Whether you're a collector of antique punch bowls, a fully-fledged punch anorak, or just a casual dabbler, the original spirits-based mixed drink, punch, is certainly worth celebrating.
And the classic punch is, of course, Rum Punch. There's just something about rum, particularly overproof, that pairs beautifully with the four other ingredients of punch: the sweet, the sour, the spice and the weak.
So we are super-chuffed that today is, officially, Rum Punch Day. And, whether punch originates from "panch", the Hindi word for "five", or "puncheon", a container for liquor, we like ours made to the classic proportions - "one of sour, two of sweet, three of strong and four of weak". Enjoy! And a very happy Rum Punch Day to you.
This day in 1852, scientists Alfred Hershey and Martha Chase published a report confirming DNA holds hereditary data after they proved that DNA, not proteins, held the secret to life, and carried genes, by experimenting on viruses that infect bacteria.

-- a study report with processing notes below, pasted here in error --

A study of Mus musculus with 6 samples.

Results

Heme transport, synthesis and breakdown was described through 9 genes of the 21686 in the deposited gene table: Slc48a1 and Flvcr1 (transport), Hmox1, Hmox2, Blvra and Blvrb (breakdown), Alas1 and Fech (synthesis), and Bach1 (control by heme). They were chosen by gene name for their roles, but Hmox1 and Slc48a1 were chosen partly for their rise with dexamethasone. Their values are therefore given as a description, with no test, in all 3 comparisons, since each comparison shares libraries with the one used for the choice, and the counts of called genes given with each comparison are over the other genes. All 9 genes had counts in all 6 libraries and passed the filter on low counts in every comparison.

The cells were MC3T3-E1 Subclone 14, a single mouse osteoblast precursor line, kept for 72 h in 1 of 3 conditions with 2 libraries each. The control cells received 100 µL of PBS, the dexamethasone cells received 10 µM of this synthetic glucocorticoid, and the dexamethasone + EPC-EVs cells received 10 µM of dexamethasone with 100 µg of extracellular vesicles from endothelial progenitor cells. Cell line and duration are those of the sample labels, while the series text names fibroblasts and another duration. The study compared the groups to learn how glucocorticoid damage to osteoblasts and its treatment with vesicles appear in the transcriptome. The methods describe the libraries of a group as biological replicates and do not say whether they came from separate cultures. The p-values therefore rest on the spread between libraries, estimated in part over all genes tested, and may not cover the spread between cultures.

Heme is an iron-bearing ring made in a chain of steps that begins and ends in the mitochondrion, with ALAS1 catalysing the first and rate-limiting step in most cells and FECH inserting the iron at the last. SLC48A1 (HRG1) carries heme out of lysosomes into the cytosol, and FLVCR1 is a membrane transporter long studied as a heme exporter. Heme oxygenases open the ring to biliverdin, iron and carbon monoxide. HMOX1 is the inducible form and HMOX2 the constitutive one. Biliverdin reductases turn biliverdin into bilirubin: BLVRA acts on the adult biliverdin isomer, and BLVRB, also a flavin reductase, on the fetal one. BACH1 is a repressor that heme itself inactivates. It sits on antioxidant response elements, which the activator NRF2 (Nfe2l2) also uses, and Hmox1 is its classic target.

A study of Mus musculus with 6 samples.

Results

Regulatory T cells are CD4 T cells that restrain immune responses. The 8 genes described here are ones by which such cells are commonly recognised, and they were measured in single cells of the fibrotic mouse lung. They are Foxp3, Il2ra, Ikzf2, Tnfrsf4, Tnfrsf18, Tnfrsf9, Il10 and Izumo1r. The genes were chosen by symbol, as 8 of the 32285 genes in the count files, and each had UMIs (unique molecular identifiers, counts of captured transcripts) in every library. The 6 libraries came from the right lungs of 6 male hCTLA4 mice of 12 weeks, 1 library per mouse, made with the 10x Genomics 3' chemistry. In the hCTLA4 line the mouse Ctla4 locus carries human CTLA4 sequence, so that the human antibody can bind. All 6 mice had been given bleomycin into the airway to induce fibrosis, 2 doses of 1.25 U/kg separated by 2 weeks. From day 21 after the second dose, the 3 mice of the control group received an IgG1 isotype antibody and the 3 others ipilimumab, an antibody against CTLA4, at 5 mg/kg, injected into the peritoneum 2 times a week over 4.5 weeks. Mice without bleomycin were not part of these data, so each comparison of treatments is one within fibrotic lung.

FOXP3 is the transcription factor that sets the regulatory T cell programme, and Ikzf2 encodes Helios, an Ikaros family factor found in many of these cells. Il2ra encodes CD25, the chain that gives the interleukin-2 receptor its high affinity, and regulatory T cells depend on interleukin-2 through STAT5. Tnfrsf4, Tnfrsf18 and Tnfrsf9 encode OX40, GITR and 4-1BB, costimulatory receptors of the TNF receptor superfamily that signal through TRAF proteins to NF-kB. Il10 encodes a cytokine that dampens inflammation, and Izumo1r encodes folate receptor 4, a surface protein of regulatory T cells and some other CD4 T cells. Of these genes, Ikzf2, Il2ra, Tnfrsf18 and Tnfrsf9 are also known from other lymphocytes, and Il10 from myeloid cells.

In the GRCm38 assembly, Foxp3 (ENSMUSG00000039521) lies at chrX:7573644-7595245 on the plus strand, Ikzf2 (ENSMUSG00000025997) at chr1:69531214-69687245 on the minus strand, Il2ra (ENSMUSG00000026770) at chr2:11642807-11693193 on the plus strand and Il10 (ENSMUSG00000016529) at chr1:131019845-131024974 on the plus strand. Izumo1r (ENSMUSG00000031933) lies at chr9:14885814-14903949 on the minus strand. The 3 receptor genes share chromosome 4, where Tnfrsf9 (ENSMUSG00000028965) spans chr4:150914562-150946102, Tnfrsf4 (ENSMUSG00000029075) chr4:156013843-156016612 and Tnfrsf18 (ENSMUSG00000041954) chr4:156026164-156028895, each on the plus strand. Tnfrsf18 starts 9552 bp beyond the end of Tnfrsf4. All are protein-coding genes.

The experiments, along with a separate team's discovery of the structure of DNA, would transform the way we see ourselves, and our world, enabling creations as bizarre as glow-in-the-dark mice and as unnerving as goats with human genes. And the male scientist of the duo would be honoured with a Nobel Prize.
We doubt that either Chase or Hershey would have envisaged what their discovery would lead to. But we are toasting them, all the same, with a DNA.
On this day in 1973, the top women's tennis player, Billie Jean King, beat a retired male No. 1 player, Bobby Riggs, 6-4, 6-3, 6-3, watched by an audience of over 50 million worldwide, in a match billed as 'The Battle of the Sexes'.
Why did it matter? Well, Riggs, a self-proclaimed chauvinist, had been bragging the world over that even at his advanced age (55), he could beat any woman, no matter who. And he had previously beaten Margaret Court. Billie Jean King, however, smashed him, comprehensively, in straight sets. A victory which women the world over considered a blow for women's lib.
We are toasting Ms King with a Lady's Sidecar, a theoretically feminine take on the classic Sidecar cocktail.